By Henry UMORU
GOVERNOR, Central Bank of Nigeria (CBN), Mallam Sanusi Lamido Sanusi disclosed Monday that the total projected demand for agribusiness financing required in Africa from now till 2050 stands at $620.4 billion, just as the annual demand is put at $6.5 billion.

sanusi

According to him, funding globally from various sources had been declining over the years, just as he said that Official Development Assistant [ODA] to sub Sahara Africa’s agriculture dropped from $ 1.450 billion in 1998 to $ 713 million in 2002. Sanusi who noted that Africa’s food import bills stand between US$ 2 billion and 20 billion per annum in addition to the continent’s$ 2 billion annual food aid, stressed that these huge financial resources being expended could be used internally to develop Africa’s Agricultural potential.

Speaking at the ongoing High-level three-day Conference on the development of Agri-Business and Agro-Industries in Africa holding at the Transcorp Hilton Hotel, Abuja, Sanusi who spoke during the Financial Mechanism in Support of African Agricbusiness and Agro industry initiative session,  warned that if the continent fails to address the problem associated with Agriculture, there could be impending food crisis in the continent.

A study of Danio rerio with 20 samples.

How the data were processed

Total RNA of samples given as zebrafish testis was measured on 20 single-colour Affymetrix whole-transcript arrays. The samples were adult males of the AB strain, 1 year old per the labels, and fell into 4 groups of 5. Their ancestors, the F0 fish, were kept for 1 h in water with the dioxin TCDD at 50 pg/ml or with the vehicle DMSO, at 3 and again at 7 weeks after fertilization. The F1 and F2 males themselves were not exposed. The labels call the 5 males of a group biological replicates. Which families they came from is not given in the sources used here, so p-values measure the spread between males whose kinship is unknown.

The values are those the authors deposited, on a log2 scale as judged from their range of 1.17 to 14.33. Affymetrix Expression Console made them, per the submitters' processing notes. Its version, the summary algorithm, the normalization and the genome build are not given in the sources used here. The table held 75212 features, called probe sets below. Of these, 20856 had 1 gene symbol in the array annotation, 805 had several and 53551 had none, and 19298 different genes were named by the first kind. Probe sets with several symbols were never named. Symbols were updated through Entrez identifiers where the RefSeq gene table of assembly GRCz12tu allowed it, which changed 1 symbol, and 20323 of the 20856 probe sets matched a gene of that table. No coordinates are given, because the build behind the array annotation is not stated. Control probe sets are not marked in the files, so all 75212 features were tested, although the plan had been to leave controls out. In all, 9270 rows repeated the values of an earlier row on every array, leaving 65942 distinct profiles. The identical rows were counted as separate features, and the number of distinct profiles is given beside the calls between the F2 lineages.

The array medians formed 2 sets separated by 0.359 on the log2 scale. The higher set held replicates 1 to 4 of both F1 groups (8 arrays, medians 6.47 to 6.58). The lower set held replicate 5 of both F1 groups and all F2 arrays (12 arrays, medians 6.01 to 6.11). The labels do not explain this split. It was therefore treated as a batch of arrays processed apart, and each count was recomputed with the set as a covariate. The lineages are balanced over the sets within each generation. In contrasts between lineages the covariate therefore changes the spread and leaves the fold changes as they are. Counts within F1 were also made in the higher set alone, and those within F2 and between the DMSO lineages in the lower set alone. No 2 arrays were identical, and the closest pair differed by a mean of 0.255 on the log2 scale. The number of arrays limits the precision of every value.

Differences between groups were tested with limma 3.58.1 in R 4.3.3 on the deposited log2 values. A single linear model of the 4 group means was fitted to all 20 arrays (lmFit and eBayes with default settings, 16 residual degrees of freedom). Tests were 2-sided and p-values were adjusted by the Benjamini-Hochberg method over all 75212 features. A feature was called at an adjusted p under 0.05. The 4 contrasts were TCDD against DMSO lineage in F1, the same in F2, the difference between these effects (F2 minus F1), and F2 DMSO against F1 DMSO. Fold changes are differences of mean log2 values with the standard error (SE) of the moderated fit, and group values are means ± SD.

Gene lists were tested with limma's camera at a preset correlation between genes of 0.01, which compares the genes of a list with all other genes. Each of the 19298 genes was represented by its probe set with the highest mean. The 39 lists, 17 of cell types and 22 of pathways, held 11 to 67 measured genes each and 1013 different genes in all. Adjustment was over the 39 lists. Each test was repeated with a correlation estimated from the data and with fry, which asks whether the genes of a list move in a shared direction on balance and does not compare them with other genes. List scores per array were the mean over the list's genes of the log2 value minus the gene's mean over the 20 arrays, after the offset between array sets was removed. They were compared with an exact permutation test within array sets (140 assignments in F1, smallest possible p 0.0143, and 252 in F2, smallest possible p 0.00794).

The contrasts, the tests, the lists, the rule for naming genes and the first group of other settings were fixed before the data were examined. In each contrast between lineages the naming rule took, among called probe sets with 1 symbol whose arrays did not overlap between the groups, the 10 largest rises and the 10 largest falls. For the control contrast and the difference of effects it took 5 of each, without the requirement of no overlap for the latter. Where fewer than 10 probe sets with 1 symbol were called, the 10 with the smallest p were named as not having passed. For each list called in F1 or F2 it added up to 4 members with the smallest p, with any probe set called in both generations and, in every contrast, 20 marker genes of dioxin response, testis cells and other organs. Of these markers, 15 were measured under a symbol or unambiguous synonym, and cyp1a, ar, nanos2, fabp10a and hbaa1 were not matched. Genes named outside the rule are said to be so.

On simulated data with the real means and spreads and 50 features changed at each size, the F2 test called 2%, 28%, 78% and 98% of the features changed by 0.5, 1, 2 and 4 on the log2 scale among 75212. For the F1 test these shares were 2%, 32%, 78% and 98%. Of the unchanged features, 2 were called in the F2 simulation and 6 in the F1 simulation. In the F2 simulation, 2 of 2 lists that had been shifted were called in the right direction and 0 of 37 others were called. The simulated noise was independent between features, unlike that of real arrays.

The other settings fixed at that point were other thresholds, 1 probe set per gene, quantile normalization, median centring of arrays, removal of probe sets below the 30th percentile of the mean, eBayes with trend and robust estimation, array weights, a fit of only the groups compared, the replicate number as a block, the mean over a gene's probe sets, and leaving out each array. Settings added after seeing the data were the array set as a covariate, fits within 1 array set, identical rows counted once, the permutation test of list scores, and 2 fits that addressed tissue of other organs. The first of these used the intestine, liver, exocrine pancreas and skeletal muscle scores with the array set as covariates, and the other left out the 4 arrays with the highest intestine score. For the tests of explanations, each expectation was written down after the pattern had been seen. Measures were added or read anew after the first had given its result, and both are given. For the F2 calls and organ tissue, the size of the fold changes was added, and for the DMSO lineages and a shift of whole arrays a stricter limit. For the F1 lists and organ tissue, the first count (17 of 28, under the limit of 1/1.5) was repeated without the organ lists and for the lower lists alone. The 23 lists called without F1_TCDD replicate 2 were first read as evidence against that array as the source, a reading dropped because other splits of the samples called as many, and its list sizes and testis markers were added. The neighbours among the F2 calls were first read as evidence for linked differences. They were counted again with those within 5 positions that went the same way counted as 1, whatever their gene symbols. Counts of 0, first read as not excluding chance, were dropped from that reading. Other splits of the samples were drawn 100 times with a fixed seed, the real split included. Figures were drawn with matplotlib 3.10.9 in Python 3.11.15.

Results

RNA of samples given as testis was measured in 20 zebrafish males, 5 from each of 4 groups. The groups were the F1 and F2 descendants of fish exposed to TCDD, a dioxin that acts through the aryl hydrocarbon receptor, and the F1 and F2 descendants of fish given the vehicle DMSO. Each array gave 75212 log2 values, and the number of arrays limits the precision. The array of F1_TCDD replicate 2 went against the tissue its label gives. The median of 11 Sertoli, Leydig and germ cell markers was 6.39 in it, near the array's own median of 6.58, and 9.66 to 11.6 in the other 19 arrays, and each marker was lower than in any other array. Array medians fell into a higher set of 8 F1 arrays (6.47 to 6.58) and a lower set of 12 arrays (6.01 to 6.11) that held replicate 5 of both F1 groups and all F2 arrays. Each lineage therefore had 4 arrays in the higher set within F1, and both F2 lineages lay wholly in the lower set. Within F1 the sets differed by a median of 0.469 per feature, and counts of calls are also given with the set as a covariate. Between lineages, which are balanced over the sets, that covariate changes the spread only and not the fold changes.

The Apex Bank boss who noted that the proportion of people living below the poverty line of less then  US$1 a day increased from 47. 6 per cent in 1985 to 59 per cent in 2,000 and still growing, stressed that a large proportion of people in Africa had limited access to food, clothing and shelter, adding that  more than 200 million people, particularly women and children were undernourished.

According to Sanusi, ten million people die annually of hunger related diseases while  850 million people were food insecure in 70 lower income countries, adding that at the end of 2008, only 11 African countries had achieved the six per cent annual agriculture growth rate target, just as he said that the growth was connected with limitations in government structures, weak infrastructures , lack of political will as well as access to finance, adding that the percentage of bank’s credit to agric sector declined from 17. 5per cent in 2002 to 4 per cent in 2007.

Speaking earlier, the Director General of United Nation for Industrial Development Organization [UNIDO] Dr Kaunde Yumkela stressed that if Nigeria as a country must achieve food security, the government must tackle the energy poverty squarely, just as he said that there will be no competition if the energy cost was too high, adding, ‘’Stop talking about Nigeria potentials, but Nigeria’s leadership in economic development”.